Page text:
Galactic Empires - Stephen Baxter, Gardner R. Dozois, Ian McDonald, Peter F. Hamilton, Robert Reed, Alastair Reynolds, Neal Asher Galactic Empires is a collection of six novellas written by some of the more influential authors of this generation's hard SF writers, including one of my favorites, Alastair Reynolds. As you might gather, the underlying theme of the collection is "galactic empires." In a brief preface, Dozois is coy about defining what "galactic empires" means but broadly speaking it refers to stories set against a backdrop galactic, if not universal, in scope. Which leaves room for a great many conceptions.

The book leads off with Peter Hamilton's "The Demon Trap." This is a conventional police procedural set in the future history of Pandora's Star and features Paula Myo, the cop genetically engineered to pursue "justice" to the exclusion of all else. If you're a Hamilton fan, you'll like the story. I am not, so can only give it - at most - 2 stars.

"Owner Space" is Neal Asher's contribution. Most of humanity is oppressed by the Collective, an "evil empire" for the Space Age that ruthlessly supresses individualism and initiative. "Societal Assets" are the best and brightest of the Collective and the worst offenders in its eyes. Opposed to the Collective are the Grazen, a hive intelligence, and Owner Space, a region ruled by a singular human who commands technology superior to both Grazen and Collective, and who allows no one to enter his domain. A group of escaping SAs are forced to enter Owner Space pursued by both Collective and Grazen ships. It's a reasonably good adventure but not memorable. The Owner of Owner Space is too much a deus ex machina to allow for a great deal of suspense, and the societies of the Collective and Grazen are too broadly and derivatively drawn to be especially interesting. Two stars.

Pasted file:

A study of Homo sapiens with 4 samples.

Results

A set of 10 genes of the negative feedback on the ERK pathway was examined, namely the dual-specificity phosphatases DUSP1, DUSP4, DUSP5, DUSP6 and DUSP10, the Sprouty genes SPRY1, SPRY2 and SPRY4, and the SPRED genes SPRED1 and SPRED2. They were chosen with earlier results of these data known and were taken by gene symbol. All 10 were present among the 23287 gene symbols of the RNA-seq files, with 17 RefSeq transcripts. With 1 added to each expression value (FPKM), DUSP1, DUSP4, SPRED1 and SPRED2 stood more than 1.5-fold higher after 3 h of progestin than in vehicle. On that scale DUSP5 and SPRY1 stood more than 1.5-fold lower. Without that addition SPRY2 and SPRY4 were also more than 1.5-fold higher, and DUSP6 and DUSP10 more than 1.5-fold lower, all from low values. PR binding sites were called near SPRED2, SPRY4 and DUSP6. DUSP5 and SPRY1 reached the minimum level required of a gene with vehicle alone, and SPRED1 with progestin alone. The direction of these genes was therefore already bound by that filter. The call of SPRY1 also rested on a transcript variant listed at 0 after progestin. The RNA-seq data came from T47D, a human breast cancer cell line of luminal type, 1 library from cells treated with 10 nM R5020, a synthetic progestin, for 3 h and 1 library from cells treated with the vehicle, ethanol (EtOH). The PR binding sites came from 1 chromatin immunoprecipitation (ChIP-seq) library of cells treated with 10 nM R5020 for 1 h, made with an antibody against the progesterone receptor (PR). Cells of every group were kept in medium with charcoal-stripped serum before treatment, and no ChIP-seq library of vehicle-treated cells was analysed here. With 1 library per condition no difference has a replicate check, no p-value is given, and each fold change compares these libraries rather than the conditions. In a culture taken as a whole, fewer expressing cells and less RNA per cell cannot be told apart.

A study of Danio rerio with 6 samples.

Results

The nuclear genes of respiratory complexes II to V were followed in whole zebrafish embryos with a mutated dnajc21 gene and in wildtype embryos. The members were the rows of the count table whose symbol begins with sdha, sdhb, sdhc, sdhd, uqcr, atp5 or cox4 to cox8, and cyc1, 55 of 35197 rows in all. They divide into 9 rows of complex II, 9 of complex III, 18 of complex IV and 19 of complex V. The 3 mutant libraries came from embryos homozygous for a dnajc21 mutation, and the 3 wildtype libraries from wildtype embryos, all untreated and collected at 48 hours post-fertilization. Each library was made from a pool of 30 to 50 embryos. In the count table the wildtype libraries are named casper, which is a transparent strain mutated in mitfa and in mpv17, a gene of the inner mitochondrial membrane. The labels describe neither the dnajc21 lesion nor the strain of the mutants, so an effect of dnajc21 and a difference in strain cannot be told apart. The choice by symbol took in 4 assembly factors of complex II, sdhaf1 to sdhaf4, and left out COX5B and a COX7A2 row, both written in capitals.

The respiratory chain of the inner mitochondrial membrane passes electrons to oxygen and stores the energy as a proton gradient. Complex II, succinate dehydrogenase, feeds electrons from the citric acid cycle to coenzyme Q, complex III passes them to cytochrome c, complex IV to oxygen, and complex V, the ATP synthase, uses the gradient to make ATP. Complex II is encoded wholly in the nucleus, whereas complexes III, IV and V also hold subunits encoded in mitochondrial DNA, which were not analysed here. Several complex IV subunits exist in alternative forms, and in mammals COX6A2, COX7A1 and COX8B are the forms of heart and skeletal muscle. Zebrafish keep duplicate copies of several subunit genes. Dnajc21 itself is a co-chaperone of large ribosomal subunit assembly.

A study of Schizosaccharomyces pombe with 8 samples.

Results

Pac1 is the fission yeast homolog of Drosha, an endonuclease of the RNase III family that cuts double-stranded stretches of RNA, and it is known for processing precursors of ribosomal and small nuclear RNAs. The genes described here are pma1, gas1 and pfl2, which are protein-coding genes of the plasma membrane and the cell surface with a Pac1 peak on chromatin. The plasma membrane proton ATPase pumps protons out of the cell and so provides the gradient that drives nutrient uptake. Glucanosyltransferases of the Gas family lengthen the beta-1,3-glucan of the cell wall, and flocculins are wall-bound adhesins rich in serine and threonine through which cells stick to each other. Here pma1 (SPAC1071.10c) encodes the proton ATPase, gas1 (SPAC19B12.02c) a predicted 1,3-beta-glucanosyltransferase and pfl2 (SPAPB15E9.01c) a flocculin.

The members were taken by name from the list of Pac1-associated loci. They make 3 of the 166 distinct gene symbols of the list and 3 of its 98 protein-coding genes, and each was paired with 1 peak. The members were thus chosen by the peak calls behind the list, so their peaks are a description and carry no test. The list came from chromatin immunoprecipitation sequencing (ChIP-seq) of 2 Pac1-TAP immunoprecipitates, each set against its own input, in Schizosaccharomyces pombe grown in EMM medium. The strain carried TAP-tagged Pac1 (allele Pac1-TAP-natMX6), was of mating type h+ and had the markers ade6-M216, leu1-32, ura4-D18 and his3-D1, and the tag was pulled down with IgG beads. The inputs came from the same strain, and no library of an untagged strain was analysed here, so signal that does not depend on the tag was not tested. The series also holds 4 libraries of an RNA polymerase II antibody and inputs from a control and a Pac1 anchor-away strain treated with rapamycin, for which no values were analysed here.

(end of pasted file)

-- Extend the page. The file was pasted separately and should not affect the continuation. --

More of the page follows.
In "The Man with the Golden Balloon" we return to Robert Reed's world of Marrow. Two of the planet-sized ship's inhabitants encounter a being who claims to represent a universe-spanning association of intelligences that have covertly manipulated the cosmos' development for eons. Again, two stars. It's hard to have any interest in the self-righteous boastings of a near-omnipotent super alien.

I've already reviewed Alastair Reynolds's The Six Directions of Space here. I'll reiterate in this review the feeling that Reynolds could have done so much more with the concept of an alternate history where the Mongols led humans into space. As it stands, he doesn't and the main character, Yellow Dog, remains uninteresting, though she has potential. And there's a scene of gratuitous, gruesome animal cruelty that left (leaves) me squirming.

The final two entries - Stephen Baxter's "The Seer and the Silverman" and Ian McDonald's "The Tear" - are the best in the collection. The former revolves around a young man's (Donn) attempt to reconcile the alien Ghosts with the relentless, xenophobic expansion of the human Coalition. It doesn't carry us quite so far into the territory of alien psyches as Blindsight but it's well written and enjoyable. I've wanted to read Baxter's Xeelee series for several years now but have never gotten around to it. This story reinforces that intention. Three stars.

The last story is also a foray into alien consciousness (including altered human ones) and the survival of intelligence beyond the end of our universe. The human protagonist's culture deliberately cultivates multiple personalities in its citizens (thus the story is told from several POVs all sharing the same physical body). McDonald is a good writer and keeps your interest up. A plus is that though the ending is suitably "cosmic" the players remain believably human. Three stars.

I've read all the authors in this volume with varying degrees of pleasure. I can't recommend this particular collection, however, as examples of their best work. Except for the last two, the stories were too staid and safe, not very exciting examples of the Space Opera genre.